Brief: Drivers behind popular short positions
- Premier Oil short relates to debt refinancing dispute
- Wirecard largest EU short (€3.4bn on loan)
- Cineworld shorts as part of global theater theme
- Declining borrow demand for Aston Martin shares
Overall the short loan value, that is the amount of securities finance transactions deemed likely to be related to short selling, has increased by just over 4% YTD. That suggests little overall change in positioning, with the short positions little change shares terms so that the increase in balances matches the advance for broad EU market indices. Beneath the surface of relatively steady aggregate short demand there have been some movers which warrant a closer look. We'll examine a few such names here as well as some of the most popular shorts overall.
The Premier Oil share price surged following the early January announcement of a debt refinancing plan. The increase in share price was met with an increase in share borrowing, making PMO shares the most heavily borrowed in Europe as a percentage of outstanding shares. The largest publicly disclosed short position is from Asia Research & Capital Management Ltd. (ARCM), who revealed a position of more than 140m shares in July 2019 (there are a total of 217m shares on loan). ARCM is also Premier Oil's largest creditor and released a statement on February 12th indicating that they will "vigorously oppose" the firm's proposed restructuring plan in court on March 17th.
Shares of Cineworld have seen a 23% increase in borrow demand YTD, largely maintaining a consistent borrow value of ~£530m despite a 20% decline in the share price. Short sellers may be betting against the prospects for the firm, specifically the debt assumption required to facilitate the proposed takeover of Cineplex (an all-cash deal expected to close in the first half of 2020) and other challenges faced by global theatre brands. The latter concern is also reflected in the increased short demand for AMC shares and the February 18th bankruptcy filing for VIP Cinema Holdings (maker of luxury cinema chairs).
Hammerson Plc has also seen increased borrow demand, likely driven by a perceived likelihood that the UK REIT will cut its dividend. IHS Markit Dividend Forecasting predicts the August 2020 dividend will be cut 23% YoY. Hammerson currently has 15.5% of outstanding shares borrowed, worth £268m.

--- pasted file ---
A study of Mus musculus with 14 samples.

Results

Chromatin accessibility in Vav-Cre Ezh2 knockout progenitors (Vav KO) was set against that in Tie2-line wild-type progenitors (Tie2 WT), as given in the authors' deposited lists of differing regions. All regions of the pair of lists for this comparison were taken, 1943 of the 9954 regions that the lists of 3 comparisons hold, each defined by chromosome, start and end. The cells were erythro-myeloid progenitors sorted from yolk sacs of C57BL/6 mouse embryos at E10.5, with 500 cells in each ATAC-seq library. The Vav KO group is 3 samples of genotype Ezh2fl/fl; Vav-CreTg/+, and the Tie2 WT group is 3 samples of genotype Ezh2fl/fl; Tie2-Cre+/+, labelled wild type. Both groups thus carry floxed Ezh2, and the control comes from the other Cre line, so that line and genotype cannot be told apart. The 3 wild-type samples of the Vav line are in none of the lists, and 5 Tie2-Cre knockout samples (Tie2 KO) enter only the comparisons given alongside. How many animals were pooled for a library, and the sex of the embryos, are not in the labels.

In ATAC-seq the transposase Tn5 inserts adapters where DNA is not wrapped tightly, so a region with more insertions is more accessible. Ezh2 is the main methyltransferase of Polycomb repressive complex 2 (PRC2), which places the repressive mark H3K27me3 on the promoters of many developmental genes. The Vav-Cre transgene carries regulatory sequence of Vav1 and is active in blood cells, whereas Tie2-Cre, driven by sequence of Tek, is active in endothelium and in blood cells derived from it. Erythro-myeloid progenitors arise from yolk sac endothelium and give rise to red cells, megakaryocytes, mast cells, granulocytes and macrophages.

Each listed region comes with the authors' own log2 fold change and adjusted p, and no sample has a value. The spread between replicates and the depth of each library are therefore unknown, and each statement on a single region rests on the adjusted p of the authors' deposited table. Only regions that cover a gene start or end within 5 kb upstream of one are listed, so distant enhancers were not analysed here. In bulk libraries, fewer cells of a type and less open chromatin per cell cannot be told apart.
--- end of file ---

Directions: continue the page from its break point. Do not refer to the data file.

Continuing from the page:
Borrow demand for Future Plc surged following the January 31st release of a research report from Shadowfall Capital & Research, which was linked in a tweet that disclosed its short position. The number of borrowed shares has more than doubled after the report was released to 7m shares for settlement on Feb 18th. The borrow cost remains low with more than 15m shares reported as available for borrow.
Borrow demand for shares of Wirecard has been flat over the last month, however that follows demand surges in October and December. Shares of WDI are the most heavily borrowed for any EU equity in nominal terms, with over €3.4bn on loan. The massive borrow balance is the result of the share price increasing just over 30% from the December low, while shares on loan have increased by just over 20%.
Moving in the opposite direction, the number of Aston Martin shares on loan decreased 22% from the post-IPO peak observed on January 24th. The move toward the exit appears to be motivated by the January 31st announcement of strategic equity investment in the firm by a consortium led by billionaire Lawrence Stroll, which provided a boost to the share price.
Another UK equity with declining borrow demand is NMC Health Plc. The UAE healthcare group has come under increased scrutiny following a Muddy Waters research report in December, which revealed that the firm held a short position. While the share price has declined by 67% since the report was released, the trajectory hasn't been on a straight line with four days seeing a greater than 10% increase in price, two of which were increases of more than 30%. The volatility may be shaking some short sellers out of the trade, reflected in a 50% decline in share borrowing YTD. The decline in borrowing is also notable in that the 52% decline in share price YTD may have been softened by the impact of short covering.
To wrap up we'll head back to the continent to look at shares of AMS Ag, which have seen a net increase in share borrowing YTD, based on coronavirus related concerns for the Apple supplier and questions surrounding the acquisition of Osram Licht Ag. The number of borrowed AMS shares has more than doubled YTD, 10.8m shares, however that figure also represents a decline from the peak borrow demand of 14.4m shares on February 4th. The share price has oscillated, but is little changed, with a net increase of 1.1% YTD.